What to Do if Your Pet Bird Dies
The death of a pet is a painful experience for any owner, and particularly in the case of birds whose lifespans often number in the decades, this sense of loss can be overwhelming. Birds often become more than just pets—they are loved and treasured members of your family, and just like any other family member, their absence is keenly felt. While death is an inevitable part of pet ownership, the grief and sadness that comes with losing a long-time companion can be difficult to bear. Read on for some things to keep in mind when dealing with the pain of a bird’s death.
Grief and Loss
The death of a beloved pet can elicit many difficult emotions, from sadness to anger to guilt, and it is important to keep in mind that these feelings are a natural part of grieving. Grief is a long and complex process that everyone deals with differently, and while some members of your family might appear to work through their grief sooner, others might need more time. The other birds or pets in your home might also deal with loss in their own ways, and may call or search for their missing friend. Grief is a normal reaction to the death of a cherished part of the family, and as such it is vital to give loved ones the space and support to process the emotions they experience after this loss.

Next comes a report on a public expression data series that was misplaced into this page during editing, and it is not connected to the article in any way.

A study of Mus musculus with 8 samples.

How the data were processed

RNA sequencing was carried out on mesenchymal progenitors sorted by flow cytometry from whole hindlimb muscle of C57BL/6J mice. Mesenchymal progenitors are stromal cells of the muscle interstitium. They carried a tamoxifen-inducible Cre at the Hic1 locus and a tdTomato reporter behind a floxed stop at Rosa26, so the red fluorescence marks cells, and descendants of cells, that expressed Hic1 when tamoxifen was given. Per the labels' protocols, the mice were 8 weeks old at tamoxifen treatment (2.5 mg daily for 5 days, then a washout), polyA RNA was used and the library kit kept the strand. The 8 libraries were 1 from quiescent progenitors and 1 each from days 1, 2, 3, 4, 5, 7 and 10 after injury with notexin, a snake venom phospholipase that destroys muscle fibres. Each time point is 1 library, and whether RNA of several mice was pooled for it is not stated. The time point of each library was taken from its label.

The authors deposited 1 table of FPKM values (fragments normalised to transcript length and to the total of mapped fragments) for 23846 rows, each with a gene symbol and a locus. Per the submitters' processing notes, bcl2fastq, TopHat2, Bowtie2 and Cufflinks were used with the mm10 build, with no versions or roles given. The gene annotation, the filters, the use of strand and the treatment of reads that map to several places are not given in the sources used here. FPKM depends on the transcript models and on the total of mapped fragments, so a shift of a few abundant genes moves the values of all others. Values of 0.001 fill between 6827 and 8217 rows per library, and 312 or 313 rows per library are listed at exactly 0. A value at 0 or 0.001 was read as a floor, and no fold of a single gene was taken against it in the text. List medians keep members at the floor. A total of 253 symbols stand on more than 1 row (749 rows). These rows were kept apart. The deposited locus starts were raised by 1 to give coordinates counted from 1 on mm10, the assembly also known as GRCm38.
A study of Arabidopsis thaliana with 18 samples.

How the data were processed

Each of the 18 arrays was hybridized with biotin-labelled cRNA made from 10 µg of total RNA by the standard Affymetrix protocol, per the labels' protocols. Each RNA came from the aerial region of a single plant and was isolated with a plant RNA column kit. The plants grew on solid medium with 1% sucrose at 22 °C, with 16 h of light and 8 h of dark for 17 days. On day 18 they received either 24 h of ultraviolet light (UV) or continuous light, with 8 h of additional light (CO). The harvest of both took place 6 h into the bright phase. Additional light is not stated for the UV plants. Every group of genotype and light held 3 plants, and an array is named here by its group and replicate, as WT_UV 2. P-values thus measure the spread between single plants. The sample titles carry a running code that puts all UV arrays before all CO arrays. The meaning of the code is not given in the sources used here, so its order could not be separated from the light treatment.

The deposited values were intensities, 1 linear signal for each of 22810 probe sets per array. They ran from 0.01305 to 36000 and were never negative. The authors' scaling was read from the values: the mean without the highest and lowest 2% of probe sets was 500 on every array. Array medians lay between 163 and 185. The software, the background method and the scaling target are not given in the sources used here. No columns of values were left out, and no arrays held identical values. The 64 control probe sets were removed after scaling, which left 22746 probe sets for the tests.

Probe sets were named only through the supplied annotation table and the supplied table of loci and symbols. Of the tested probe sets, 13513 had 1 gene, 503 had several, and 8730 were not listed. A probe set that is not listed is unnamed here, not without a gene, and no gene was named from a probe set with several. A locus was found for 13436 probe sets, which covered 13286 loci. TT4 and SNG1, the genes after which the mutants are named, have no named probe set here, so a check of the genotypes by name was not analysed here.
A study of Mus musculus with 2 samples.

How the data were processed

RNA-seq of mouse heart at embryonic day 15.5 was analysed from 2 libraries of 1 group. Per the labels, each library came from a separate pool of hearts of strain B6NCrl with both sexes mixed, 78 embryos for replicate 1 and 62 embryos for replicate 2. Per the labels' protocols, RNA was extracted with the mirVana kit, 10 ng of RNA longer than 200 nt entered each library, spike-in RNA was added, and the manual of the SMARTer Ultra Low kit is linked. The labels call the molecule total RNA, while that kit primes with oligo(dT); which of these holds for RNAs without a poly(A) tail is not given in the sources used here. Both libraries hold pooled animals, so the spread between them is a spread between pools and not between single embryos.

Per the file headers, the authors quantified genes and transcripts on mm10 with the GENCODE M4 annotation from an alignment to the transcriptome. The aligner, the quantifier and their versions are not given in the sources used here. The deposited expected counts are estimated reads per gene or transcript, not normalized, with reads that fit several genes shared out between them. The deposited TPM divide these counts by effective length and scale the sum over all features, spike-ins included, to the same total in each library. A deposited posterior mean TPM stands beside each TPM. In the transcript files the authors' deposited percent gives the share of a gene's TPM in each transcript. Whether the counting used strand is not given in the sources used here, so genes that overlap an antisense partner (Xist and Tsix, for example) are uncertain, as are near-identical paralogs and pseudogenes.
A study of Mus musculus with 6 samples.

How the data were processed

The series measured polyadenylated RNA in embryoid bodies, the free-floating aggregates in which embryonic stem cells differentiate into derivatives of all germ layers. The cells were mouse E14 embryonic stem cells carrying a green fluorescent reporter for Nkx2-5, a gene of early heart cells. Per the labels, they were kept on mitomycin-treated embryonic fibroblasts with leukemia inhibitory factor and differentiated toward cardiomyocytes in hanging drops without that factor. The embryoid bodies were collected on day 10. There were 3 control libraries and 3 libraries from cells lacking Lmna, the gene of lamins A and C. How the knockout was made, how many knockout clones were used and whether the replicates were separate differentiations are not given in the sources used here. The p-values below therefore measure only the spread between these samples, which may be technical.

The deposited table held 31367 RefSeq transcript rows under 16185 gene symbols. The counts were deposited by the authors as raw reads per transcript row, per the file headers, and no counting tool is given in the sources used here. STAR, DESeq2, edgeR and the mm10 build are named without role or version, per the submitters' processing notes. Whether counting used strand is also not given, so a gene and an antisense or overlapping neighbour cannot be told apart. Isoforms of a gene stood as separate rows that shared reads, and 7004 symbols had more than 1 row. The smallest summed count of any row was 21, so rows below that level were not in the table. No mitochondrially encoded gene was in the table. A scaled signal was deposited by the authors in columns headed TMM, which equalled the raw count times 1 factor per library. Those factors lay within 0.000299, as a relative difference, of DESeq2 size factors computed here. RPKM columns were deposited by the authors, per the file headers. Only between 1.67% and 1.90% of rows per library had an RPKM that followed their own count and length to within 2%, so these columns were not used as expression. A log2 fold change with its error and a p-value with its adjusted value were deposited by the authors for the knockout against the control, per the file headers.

Burial and Cremation
Choosing where you want your bird’s body to go after their death can be a very personal decision for owners, and there a few options you can elect to pursue. While burying your bird on your property is a popular option and gives you the ability to visit your bird’s grave whenever you like, local laws might prohibit it, and it is not a good option in homes with other pets. Consulting with a veterinarian after your bird’s death is often the best recourse, allowing owners the ability to explore which burial options will work for their situation. Whether you want to explore cremation or lay your bird to rest in a designated cemetery, a trained professional can help guide your decision and help you give your pet the best possible send-off.
If the death of your bird was more sudden than expected, a necropsy can be an option to help provide closure and ascertain the exact cause of death. A veterinarian can inspect the body for signs of trauma, examine organs for disease or damage and run tests to evaluate if bacteria or a virus played a role in your bird’s untimely death. For households that include other birds, a necropsy can help ensure your bird did not pass a disease on to the others. While it can be difficult in the aftermath of a death to worry about sending your bird’s body to be evaluated, a necropsy can give owners the peace of mind that they are not to blame for their bird’s death, and help them find healing moving forward.
At myBird, we know how much joy birds can bring, and seek to give bird lovers the knowledge they need to best care for their pets. Follow us on Facebook and Instagram, and be sure to check out our other posts about birds or take our quiz to see which types of birds may be right for you!